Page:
California Landlords and Legalized Use of Marijuana
Proposition 64, the California Marijuana Legalization Initiative, which passed on November 8, 2016, legalized the recreational use of marijuana in all of California. The law is codified in California Health and Safety Code Section 11362. In part the new law states that persons 21 years of age and older are legally allowed to possess, process, transport, purchase, obtain or give away (without compensation) up to 28.5 grams (appx one ounce) of non-concentrated cannabis and up to 8 grams of concentrated cannabis and possess, plant, cultivate, harvest, dry or process up to 6 living plants. Smoking was to remain illegal while driving a vehicle, anywhere smoking tobacco is, and in all public places.
Marijuana defined. “Marijuana means all parts of the plant Cannabis sativa L., whether growing or not; the seeds thereof; the resin extracted from any part of the plant; and every compound, manufacture, salt, derivative, mixture, or preparation of the plant, its seeds, or its resin. It does not include the mature stalks of the plant, fiber produced from the stalks, oil or cake made from the seeds of the plant, any other compound, manufacture, salt, derivative, mixture, or preparation of the mature stalks (except the resin extracted therefrom), fiber, oil, or cake, or the steilized seed of the plant which is incapable of germination” (H&SC 11018).
Cannabis and living plants may be stored within a person’s private residence, or on the private grounds of a private residence, in a locked space not visible from a public place by normal unaided vision. This includes single family residences and multi-family property.
The Bureau of Medical Cannabis Regulation was renamed the Bureau of Marijuana Control and became responsible for regulating and licensing marijuana businesses. Counties and municipalities were empowered to restrict where marijuana businesses could be located. Local governments were also allowed to completely ban the sale of marijuana from their jurisdictions.
Individuals under age 18 convicted of marijuana use or possession are required to attend drug education or a counseling program and complete community service. Selling marijuana without a license is punishable by up to six months in a county jail, a fine up to $500, or both. With Proposition 64’s approval, individuals serving criminal sentences for activities made legal under the measure became eligible for resentencing.
Proposition 64 created two new excise taxes on marijuana:
A cultivation tax of $9.25 per ounce for flowers and $2.75 per ounce for leaves, with exceptions for certain medical marijuana sales and cultivation.
A 15 percent tax on the retail price of marijuana. Taxes will be adjusted for inflation starting in 2020. Local governments were authorized to levy taxes on marijuana as well.
Medical marijuana patients keep their existing rights under Prop 215 to possess and cultivate as much as they need for personal medical use so long as they have a doctor’s recommendation, regardless of the Prop 64 limits for adult users. Beware though that local governments may still restrict cultivation via nuisance ordinances (except for the six indoor plant minimum allowed for personal use).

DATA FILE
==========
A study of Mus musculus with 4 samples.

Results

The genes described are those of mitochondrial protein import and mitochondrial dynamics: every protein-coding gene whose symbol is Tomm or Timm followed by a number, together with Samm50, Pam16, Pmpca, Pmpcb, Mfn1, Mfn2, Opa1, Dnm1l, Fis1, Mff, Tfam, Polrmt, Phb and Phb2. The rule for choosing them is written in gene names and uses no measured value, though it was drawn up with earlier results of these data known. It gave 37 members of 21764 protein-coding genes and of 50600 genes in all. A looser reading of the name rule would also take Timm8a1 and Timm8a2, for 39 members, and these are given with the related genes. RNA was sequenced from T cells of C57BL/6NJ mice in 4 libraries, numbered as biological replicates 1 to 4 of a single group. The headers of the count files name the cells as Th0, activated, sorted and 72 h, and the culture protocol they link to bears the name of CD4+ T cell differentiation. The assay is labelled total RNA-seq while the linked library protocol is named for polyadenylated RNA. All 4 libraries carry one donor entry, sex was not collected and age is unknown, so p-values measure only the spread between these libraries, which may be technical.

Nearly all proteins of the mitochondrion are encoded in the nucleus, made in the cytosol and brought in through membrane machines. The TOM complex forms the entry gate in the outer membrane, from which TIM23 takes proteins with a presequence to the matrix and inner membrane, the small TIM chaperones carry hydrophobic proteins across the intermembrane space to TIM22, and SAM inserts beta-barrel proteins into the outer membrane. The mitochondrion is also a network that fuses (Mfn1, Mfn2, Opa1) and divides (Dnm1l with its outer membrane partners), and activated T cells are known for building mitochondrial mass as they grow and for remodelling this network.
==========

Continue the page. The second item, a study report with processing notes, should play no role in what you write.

Consume marijuana in any public place ($100 infraction). (On-site consumption at licensed premises will be permitted at a later date.)
Smoke or vaporize marijuana in any non-smoking area or within 1,000 feet of a school, day care or youth center while children are present, except privately at a residence. ($250 fine)
Consume marijuana or possess an “open container” of marijuana while driving or riding as a passenger in any motor vehicle, boat, or airplane ($250 fine).
Possess or use marijuana on the grounds of a school, day care or youth center while children are present. ($100 fine).
Manufacture concentrated cannabis with a volatile solvent (except for state-licensed manufacturers).
Minors under 21 may not possess, use, transport, or cultivate marijuana, subject to a $100 fine for those 18 and older. Minors under 18 are subject to drug counseling or community service.
Possession of more than one ounce remains a misdemeanor punishable by $500 and/or six months in jail as at present. Other offenses, including cultivation of over six plants, transport of over an ounce, illegal sale or distribution for compensation, possession with intent to sell, etc., are downgraded from felonies to misdemeanors except in certain aggravating circumstances.
Rights NOT protected by Prop 64:
Owners may forbid the possession or use of marijuana on their property subject to normal tenant law for renters.
Employers may prohibit use of marijuana by their employees.
Many landlords have a provision in their lease that forbids their tenants from smoking in their rental unit and on the common grounds. It is a good idea to update that provision to limit or forbid the smoking and growing of marijuana on your rental property. The unintended consequences of legalizing marijuana smoking and growing are the smells, the second hand smoke, and the possibility of increased theft and the resulting property damage.